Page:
Canadian and U.S. corporate networks at risk from vulnerable connected devices, says new Palo Alto Networks study
Study found that connected teddy bears, coffee makers and connected cars are posing new challenges to security teams
TORONTO, Sept. 16, 2020 /CNW/ -- Smart teddy bears, implanted heart monitors, connected cars and other connected devices are regularly connecting to corporate networks, prompting technology managers to warn that significant action should be taken to protect them from being used to hack into businesses.
That's according to a new report on practices for securing the internet of things (IoT), commissioned by Palo Alto Networks, the global cybersecurity leader, based on a survey of 1,350 IT business decision-makers in 14 countries in Asia, Europe, the Middle East and North America. Of the 1,350 respondents, 300 were based in North America (Canada and U.S.).
Overwhelmingly, North American respondents report a rise in the number of IoT devices connecting to their networks over the last year. Among the connected trash cans, light bulbs and hand sanitizer stations, one red flag emerged: 35% of North American respondents said they need to make a lot of improvements to the way they approach IoT security, and 17% said that a complete overhaul is needed, amounting to more than half of those polled.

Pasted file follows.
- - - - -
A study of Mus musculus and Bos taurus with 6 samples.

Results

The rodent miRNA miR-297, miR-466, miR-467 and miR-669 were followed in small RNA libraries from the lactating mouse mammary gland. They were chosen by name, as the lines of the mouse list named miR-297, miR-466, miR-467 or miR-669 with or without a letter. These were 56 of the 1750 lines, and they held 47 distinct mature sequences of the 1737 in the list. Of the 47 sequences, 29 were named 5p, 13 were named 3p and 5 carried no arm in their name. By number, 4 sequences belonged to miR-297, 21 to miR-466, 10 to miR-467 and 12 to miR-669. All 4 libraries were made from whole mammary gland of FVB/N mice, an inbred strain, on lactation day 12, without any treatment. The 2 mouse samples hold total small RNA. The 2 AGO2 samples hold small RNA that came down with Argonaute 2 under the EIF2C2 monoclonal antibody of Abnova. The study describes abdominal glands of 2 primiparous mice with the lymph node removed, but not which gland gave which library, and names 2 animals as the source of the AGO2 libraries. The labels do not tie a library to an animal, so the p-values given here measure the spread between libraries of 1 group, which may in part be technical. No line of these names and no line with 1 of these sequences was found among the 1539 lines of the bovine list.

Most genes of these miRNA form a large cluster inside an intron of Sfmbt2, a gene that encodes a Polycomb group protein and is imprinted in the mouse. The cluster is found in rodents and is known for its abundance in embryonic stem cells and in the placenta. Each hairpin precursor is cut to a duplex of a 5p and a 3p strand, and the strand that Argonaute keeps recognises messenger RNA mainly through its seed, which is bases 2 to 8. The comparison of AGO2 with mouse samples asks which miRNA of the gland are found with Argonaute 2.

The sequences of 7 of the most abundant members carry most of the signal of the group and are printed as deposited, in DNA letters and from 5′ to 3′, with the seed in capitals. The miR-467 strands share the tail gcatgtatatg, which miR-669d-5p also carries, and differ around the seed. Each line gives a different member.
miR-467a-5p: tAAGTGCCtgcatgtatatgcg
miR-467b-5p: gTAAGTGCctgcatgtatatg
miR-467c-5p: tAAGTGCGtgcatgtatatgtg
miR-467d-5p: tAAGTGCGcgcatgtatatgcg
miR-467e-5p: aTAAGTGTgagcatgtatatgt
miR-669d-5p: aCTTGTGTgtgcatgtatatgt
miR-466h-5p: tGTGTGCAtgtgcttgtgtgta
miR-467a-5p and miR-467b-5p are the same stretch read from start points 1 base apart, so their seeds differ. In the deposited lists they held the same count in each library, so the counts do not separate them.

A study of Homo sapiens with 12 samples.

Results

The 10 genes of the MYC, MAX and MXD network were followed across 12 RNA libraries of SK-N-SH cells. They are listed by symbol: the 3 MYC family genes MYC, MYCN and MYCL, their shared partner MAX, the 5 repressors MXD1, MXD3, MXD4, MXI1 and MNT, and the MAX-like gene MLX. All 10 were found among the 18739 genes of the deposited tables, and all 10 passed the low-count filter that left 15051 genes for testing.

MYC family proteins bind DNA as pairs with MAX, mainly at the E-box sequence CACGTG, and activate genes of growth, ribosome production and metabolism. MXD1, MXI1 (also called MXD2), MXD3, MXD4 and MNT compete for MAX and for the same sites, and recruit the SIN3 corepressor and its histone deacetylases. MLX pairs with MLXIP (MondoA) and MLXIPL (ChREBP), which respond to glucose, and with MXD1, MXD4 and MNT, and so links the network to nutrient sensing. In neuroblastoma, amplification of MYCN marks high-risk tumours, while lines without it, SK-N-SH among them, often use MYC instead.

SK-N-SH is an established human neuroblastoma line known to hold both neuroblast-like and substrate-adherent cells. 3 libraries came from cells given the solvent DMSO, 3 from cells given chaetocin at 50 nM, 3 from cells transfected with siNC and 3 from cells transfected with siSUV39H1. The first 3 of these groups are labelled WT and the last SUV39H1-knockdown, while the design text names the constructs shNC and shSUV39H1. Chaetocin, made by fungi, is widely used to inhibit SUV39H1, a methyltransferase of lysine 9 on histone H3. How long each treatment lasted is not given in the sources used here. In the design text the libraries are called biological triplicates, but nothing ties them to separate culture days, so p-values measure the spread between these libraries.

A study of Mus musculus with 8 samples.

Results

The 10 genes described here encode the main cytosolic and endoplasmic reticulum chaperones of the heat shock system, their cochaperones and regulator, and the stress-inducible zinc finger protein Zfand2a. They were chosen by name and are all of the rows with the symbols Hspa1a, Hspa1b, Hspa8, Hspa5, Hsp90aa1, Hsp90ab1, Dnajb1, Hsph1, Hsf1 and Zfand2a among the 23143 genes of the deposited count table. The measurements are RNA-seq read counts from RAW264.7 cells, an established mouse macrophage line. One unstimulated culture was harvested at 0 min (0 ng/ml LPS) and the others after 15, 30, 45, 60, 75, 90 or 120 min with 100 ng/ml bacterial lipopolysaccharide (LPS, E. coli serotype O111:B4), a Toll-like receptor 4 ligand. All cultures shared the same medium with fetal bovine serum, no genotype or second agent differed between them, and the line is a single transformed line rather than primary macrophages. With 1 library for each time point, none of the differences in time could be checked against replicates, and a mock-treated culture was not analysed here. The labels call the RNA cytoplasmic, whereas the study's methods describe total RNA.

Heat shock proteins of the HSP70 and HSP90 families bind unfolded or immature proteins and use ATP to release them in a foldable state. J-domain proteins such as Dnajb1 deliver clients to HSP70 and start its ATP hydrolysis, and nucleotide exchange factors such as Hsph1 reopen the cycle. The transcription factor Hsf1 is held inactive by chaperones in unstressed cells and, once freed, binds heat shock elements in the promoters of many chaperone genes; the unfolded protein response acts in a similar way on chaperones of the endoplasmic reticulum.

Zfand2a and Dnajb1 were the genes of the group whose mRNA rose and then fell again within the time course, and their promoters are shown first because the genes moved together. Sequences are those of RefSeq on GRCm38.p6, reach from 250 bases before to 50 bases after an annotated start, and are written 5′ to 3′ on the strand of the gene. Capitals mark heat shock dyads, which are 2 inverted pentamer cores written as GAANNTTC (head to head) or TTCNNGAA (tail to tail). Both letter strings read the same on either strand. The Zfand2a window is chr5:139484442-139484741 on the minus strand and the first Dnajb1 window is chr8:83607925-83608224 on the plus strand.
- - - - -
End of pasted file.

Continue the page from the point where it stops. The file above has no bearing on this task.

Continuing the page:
Nearly 1 in 5 of those surveyed at North American organizations with at least 1,000 employees reported that they have not segmented IoT devices onto separate networks — a fundamental practice for building safe, smart networks. Only 20% reported following best practices of using microsegmentation to contain IoT devices to their own tightly controlled security zones.
"The proliferation of IoT devices poses a major challenge for Canadian organizations," said Ivan rsanic, regional vice president and country manager, Canada at Palo Alto Networks. "IoT devices, such as connected medical devices, lack basic security settings that make them vulnerable to being exploited. As employees continue to work remotely, it's imperative that IT teams introduce IoT security measures to shore up their defences."
Palo Alto Networks released the survey as part of its ongoing effort to shed light on security threats posed by the surge in deployment of internet-connected devices. Business Insider Intelligence forecasts there will be more than 41 billion IoT devices by 2027, up from 8 billion last year.
"It is striking that Canadian organizations say they can see the problem, yet are struggling to solve it. Having visibility of IoT devices is great, but without proper network segmentation, cybercriminals could gain access into networks to do damage," added Orsanic.
To download the report, please visit: https://www.paloaltonetworks.com/resources/research/connected-enterprise-iot-security-report-2020
Palo Alto Networks commissioned technology research firm Vanson Bourne, which polled 1,350 IT business decision-makers in 14 countries across Asia, Europe, the Middle East and North America.